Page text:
List of sewing stitches

From Wikipedia, the free encyclopedia

types of hand sewing stitches

This is a list of stitches used in hand and machine sewing. The most common standard for stitches in the apparel industry is ASTM International ASTM D6193-16(2020)[1] The standard also covers various types of seams.

Under this classification of stitches there are basic groups as follows:

  • Class 100 - Single Thread Chainstitch
  • Class 200 - Hand Stitches
  • Class 300 - Lock Stitch
  • Class 400 - Multi-thread Chain Stitch
  • Class 500 - Over-edge Chain Stitch
  • Class 600 - Covering Chain Stitch

Examples of machine stitches[edit]

Types of hand stitches[edit]

  • Back tack – backward stitch to anchor tacking or basting
  • Backstitch – sturdy hand stitch for seams and decoration
  • Basting stitch (US) – for reinforcement or for temporarily holding fabric in place (same as tacking stitch)
  • Blanket stitch – used to finish an unhemmed blanket
  • Blind stitch (or hemstitch) – type of slip stitch used for inconspicuous hem
  • Buttonhole stitch – for reinforcing buttonholes and preventing cut fabric from raveling
  • Chain stitch – hand or machine stitch for seams or decoration
  • Cross-stitch – usually used for decoration, but may also be used for seams
  • Catch stitch (also 'flat' and 'blind' -catch stitch) – flat looped stitch used in hemming
  • Darning stitch – for repairing holes or worn areas in fabric or knitting
  • Embroidery stitch – one or more stitches forming a figure of recognizable appearance
  • Hemstitch (Hemming stitch) – decorative technique for embellishing the hem of clothing or household linens
  • Overcast stitch – used to enclose a raw, or unfinished, seam or edge
  • Pad stitch – secures two or more layers of fabric together and provide firmness
  • Pick stitch – hand stitch that catches only a few threads on the wrong side of the fabric, difficult to produce nicely so typically used for hemming high quality garments
  • Running stitch – hand stitch for seams and gathering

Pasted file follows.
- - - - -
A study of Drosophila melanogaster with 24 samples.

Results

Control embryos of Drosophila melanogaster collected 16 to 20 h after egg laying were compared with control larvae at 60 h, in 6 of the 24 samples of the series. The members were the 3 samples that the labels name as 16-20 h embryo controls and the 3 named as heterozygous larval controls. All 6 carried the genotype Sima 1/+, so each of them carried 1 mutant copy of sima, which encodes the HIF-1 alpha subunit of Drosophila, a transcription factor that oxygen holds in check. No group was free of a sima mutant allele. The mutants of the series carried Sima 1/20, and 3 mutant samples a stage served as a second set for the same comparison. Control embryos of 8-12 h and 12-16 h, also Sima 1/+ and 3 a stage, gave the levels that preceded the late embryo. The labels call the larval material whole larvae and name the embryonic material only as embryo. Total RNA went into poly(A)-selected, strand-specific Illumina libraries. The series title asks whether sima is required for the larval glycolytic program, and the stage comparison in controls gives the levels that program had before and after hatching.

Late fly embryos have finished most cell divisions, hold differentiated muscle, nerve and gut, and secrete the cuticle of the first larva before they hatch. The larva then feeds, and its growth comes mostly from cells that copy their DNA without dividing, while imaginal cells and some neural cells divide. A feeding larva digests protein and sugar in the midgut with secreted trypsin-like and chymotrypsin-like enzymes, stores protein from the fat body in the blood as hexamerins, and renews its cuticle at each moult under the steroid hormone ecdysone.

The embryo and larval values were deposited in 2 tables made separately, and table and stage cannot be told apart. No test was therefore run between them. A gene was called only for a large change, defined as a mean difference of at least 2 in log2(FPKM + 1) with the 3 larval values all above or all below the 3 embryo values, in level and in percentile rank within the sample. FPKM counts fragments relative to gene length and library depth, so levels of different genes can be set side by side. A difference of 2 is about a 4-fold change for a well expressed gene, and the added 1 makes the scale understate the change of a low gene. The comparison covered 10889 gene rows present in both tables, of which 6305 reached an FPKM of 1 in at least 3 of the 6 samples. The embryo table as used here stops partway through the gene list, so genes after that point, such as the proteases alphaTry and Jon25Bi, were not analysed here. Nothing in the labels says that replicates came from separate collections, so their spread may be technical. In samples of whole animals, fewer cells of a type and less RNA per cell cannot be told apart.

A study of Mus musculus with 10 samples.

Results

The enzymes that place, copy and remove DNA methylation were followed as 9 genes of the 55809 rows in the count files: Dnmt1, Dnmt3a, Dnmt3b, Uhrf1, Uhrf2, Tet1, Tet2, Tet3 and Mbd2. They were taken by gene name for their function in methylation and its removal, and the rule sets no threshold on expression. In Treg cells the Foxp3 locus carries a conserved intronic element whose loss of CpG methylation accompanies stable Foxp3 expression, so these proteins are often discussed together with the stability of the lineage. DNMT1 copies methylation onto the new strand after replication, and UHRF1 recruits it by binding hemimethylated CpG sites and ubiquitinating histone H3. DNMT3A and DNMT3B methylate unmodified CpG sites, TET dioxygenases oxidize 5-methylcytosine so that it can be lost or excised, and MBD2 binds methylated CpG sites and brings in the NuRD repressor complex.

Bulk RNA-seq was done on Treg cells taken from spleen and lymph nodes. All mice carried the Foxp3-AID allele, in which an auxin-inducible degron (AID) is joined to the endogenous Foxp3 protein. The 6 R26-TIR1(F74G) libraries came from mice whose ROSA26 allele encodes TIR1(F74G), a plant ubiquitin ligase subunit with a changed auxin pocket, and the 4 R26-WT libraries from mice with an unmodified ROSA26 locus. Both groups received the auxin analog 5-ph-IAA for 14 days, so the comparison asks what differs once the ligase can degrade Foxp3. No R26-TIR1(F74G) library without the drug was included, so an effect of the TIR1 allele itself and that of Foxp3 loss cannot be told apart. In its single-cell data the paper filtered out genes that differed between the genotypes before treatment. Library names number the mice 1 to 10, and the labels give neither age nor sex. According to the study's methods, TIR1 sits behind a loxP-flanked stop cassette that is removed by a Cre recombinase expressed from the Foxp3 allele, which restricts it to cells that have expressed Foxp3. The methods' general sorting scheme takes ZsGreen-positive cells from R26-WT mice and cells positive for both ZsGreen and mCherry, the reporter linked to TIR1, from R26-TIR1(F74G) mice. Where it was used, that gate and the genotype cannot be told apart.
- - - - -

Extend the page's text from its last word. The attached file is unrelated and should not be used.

• Saddle stitch - alternating running stitches
  • Sailmaker's stitch – may refer to any of the hand stitches used for stitching canvas sails, including the flat stitch, round stitch, baseball stitch, herringbone stitch.[2]
  • Slip stitch – form of blind stitch for fastening two pieces of fabric together from the right side without the thread showing
  • Stoating – used to join two pieces of woven material, such that the resulting stitches are not visible from the right side of the cloth
  • Straight stitch – the basic stitch in hand-sewing and embroidery
  • Tacking stitch (UK, also baste or pin) – quick, temporary stitching intended to be removed
  • Tent stitch – diagonal embroidery stitch at a 45-degree angle
  • Topstitch – used on garment edges such as necklines and hems, helps facings stay in place and gives a crisp edge
  • Whipstitch – for protecting edges
  • Ladder stitch or mattress stitch – for invisibly closing seams from the outside, i.e. to close a pillow after being stuffed

See also[edit]


  • Sarah’s Hand Embroidery Tutorials (2019). Hand Embroidery Stitches for Everyone. ISBN 978-93-5361-592-5.
  • Picken, Mary Brooks (1957). The Fashion Dictionary. Funk and Wagnalls.
  • Reader's Digest (1976). Complete Guide to Sewing. The Reader's Digest Association, Inc. ISBN 0-89577-026-1.
  • ^ "Standard Practice for Stitches and Seams". ASTM International. ASTM International. Retrieved 8 February 2024.
  • ^ "Chapter 3 - Marlinespike Seamanship - Sewing canvas by Hand". Seaman: Military manual for the Seaman rate. Integrated Publishing, Inc. Retrieved 2022-11-28.